Wasn't sure what thread to put this in, so just thought I would start one. Moderator can delete if not in appropriate section.
I have been collecting S&W for over 50 years. Have had several Colts over the years and think they are great guns. I just never could afford them.
Some S&W buddies and I are just curious as to why people are paying $500-$1000 over MSRP on the new Pythons. To my understanding, they are not limited editions and will probably be made for quite a while. I have been watching Gunbroker over the past week and blown away at the prices they are bringing. A small gun dealer about 40 miles from me are selling them below MSRP. They got in about 10 and sold them pretty quick, but if you get on a prepaid list, you are guaranteed one as they come in.. He is expecting another shipment in 2 weeks.This guy has been in business for several years and I have purchased several guns from them and know they are a reputable dealer.

I look at it like it is your money so spend it the way you like, But again, was just curious why so many people are paying over MSRP for them?

Thanks and have a Blessed Evening!
 

 

Self Made Millionaires that are not getting anything back on Treasury Bills like to invest in something that will go up in value, which does not happen with Smith & Wessons.
 


The Python has been deified in the past 20 years in media and legend and lore. Mostly because it hasn't been available. It burst onto the scene without much warning and the people with more money than brains saw red like a bull in a ring!

It IS, however, immediately the best looking production revolver available once again though....especially since Smith has lost their minds putting out those new Classics.
 

Thank you for your comments. That explains a few things and I agree that the Python is the most beautiful revolver on the market and I've often wondered over the years why they haven't released it sooner. It does look like they have done a good job with it. I will be interested to see if they start producing it in blue or nickel. The older Smith revolvers ( pre-82's) have increased in value at a pretty good rate but S&W cut their own throat when they up and volunteered to start using internal locks on their revolvers. As far as their Classics, they are not popular with the collectors at all.
Thank you again for the info and have a Blessed Day!
 


While Colt has made some missteps (what company hasn't?)...they do seem to be trying to compete far more than they have in years. Double-action revolvers may be a smaller part of todays market but they do still sell in considerable numbers. Colt should be able to compete in that arena and it took modern design and manufacturing to do that...the older, traditional ways simply wouldn't allow it. I give Colt much kudos for re-entering the market with modern designs. There may be some problems in doing so but while no one wants to put out a less than perfect product it is to be expected at introduction. This is how one learns to fix issues that crop up...is it a design problem or a manufacturing (quality control) problem? There's no perfect product launch from anyone. Car makers can test their new auto designs all they want but until the cars get into the hands of actual buyers they don't know all potential issues. Some are easily addressable and should have been caught prior to launch...some take time after the buying public uses and misuses the product.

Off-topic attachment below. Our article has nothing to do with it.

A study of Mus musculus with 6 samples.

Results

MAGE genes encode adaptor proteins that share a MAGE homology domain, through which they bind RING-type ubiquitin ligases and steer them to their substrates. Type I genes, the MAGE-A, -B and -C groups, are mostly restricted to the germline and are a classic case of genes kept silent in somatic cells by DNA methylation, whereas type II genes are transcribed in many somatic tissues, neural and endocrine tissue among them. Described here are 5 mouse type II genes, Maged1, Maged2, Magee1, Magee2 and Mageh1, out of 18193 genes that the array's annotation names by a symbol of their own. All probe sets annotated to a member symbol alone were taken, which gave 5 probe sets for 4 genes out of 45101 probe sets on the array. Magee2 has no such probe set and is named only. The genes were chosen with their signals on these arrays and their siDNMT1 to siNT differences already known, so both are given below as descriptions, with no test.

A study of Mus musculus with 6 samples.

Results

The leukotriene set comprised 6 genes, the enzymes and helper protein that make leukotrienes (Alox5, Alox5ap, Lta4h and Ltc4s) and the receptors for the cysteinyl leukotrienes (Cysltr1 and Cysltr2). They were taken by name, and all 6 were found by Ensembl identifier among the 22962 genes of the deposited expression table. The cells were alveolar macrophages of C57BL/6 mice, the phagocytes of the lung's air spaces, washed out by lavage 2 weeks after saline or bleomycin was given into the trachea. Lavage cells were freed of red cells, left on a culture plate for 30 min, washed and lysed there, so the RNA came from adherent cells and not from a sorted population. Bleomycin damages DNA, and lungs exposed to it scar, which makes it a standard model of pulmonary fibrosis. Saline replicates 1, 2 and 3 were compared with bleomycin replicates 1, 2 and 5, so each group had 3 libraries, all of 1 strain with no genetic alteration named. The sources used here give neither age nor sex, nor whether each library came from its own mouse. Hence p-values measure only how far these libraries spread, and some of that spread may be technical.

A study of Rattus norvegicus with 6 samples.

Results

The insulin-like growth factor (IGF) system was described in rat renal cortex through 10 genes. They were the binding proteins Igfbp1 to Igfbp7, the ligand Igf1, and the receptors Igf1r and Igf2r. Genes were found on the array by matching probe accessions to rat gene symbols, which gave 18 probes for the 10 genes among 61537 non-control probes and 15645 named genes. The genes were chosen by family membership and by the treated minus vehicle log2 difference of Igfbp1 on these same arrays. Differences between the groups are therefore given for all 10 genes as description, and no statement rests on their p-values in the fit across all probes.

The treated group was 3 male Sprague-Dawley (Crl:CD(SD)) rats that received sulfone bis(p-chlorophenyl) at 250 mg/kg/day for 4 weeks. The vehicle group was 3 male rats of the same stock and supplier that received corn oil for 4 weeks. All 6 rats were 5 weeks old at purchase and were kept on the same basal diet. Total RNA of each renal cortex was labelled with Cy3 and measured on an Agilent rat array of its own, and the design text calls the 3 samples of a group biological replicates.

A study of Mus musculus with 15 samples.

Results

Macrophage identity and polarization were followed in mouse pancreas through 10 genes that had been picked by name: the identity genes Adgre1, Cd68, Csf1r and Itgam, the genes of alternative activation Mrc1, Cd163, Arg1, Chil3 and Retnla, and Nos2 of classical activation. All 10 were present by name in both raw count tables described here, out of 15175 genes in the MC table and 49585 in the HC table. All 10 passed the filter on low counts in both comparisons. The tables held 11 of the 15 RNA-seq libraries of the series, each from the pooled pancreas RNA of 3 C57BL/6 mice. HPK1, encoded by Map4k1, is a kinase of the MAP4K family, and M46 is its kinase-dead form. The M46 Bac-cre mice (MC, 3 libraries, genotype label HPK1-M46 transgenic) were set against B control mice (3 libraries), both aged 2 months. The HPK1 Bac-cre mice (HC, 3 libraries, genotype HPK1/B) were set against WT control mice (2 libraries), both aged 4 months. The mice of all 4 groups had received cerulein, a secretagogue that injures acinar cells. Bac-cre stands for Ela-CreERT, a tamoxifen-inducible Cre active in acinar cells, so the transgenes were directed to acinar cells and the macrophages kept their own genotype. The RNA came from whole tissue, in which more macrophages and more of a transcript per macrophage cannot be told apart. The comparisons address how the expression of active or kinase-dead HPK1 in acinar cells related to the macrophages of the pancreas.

The British SAS has a motto..."Who Dares, Wins". Maybe Colt is following that in their own way.
 
Self Made Millionaires that are not getting anything back on Treasury Bills like to invest in something that will go up in value, which does not happen with Smith & Wessons.
I guess if you consider 3K to 4K return in 50 years a great return, then I see your point. Early pythons are going for 3k to 4k regularly, with the exception of 99+ % examples. So I guess you plan on living till you're 3000? Thats what its gonna take to see a return on a gun that would make it a good investment. If you invested in the stock market 50 years ago you would have 100 to 200 times(maybe more im not a stock market guy) more of an ROI. Buying a gun as an investment is not a realistic move. You buy it cause you like it. Then in 4 generations your great grandchildren might strike gold, you certainly wont.